GENESIS 31:17-32:12 | MATTHEW 10:24-11:6 | PSALM 13:1-6 | PROVERBS 3:16-18
And yet, things work out alright, and son-in-law Jacob and father-in-law Laban make their peace, and eventually part ways. Rachel’s deceit is unnecessary, and nothing good ever comes from something like that.
Look at these people. Examine them carefully. They weren’t saints by any stretch of the imagination. Jacob comes to Laban with a history of deceit and lies (orchestrated by his mother Rebekah); Laban is a ruthless uncle who works Jacob for twenty years, and cannot be trusted for what he promises; and as for Rachel, she is beset with jealousy and envy in matters related to her husband and children, and is constantly scheming to fix things. And even as she is leaving her father’s house, she steals the family idols. This, in and of itself is a minor crime compared to the larger offense of even considering graven and molten images when she knows that her husband worships the living God, Yahweh.
What do we see here? We see people much like us: people grappling with every known base emotion and quality. These aren’t people whose lives are circumspect and whose characters are spotless. And yet these are people that eventually recognize their wrong-doing and turn to God for forgiveness.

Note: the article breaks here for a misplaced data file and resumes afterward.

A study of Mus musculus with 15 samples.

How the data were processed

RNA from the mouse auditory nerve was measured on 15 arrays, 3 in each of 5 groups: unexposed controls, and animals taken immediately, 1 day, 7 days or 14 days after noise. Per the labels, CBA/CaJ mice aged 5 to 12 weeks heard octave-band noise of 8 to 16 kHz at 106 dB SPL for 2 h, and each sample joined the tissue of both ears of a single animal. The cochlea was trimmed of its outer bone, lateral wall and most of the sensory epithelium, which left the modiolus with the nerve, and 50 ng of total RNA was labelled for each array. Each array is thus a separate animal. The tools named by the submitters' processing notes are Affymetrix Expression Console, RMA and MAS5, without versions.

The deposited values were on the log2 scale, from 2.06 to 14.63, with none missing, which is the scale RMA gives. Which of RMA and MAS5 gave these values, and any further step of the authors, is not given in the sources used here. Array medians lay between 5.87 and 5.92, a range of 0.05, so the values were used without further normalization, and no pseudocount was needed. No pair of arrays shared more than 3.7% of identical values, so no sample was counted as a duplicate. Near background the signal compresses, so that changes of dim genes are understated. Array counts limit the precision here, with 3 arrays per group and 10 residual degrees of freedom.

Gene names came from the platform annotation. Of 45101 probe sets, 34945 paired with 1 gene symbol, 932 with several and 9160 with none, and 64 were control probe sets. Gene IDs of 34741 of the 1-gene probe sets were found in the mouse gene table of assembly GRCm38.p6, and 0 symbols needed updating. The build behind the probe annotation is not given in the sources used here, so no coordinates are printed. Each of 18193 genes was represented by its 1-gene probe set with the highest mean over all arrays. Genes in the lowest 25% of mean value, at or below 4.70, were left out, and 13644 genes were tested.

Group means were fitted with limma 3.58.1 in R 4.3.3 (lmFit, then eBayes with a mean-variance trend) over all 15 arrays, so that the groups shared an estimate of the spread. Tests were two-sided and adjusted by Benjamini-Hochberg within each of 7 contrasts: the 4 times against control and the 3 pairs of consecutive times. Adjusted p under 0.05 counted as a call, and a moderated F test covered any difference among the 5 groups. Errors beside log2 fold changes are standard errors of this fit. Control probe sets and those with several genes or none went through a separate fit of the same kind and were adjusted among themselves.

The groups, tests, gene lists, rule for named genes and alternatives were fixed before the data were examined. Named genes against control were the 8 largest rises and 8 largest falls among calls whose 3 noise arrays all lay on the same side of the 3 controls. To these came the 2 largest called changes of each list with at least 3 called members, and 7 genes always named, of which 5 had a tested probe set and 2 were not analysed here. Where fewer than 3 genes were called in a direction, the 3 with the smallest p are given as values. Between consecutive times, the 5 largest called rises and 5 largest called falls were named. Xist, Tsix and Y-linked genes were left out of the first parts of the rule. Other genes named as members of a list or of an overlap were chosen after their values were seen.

Turning next to our reading in Matthew, we find Jesus continuing his teaching and preaching. He gives fair warning and consolation to that which is to come after his departure to those who claim to be his followers. He says: 28 Do not be afraid of those who kill the body but cannot kill the soul. Rather, be afraid of the One who can destroy both soul and body in hell.
Jesus preaches an intense form of love and devotion that defies human understanding. Just as the Heavenly Father gave us his all in his great love for us, so also are we to make our allegiance to him– sometimes even in the face of forsaking loved ones. That is just how it is.
In the Psalm for today, David has this same kind of devotion and faith. He says to God:
5 But I trust in your unfailing love;
my heart rejoices in your salvation.
6 I will sing to the LORD,
for he has been good to me.
May this be our daily refrain!
And Solomon continues to sing the praises of embracing wisdom. He tells of the great benefits of doing so:
16 Long life is in her right hand;
in her left hand are riches and honor.
17 Her ways are pleasant ways,
and all her paths are peace.
18 She is a tree of life to those who embrace her;
those who lay hold of her will be blessed.
May God bless the reading and reflection of His Word. Amen.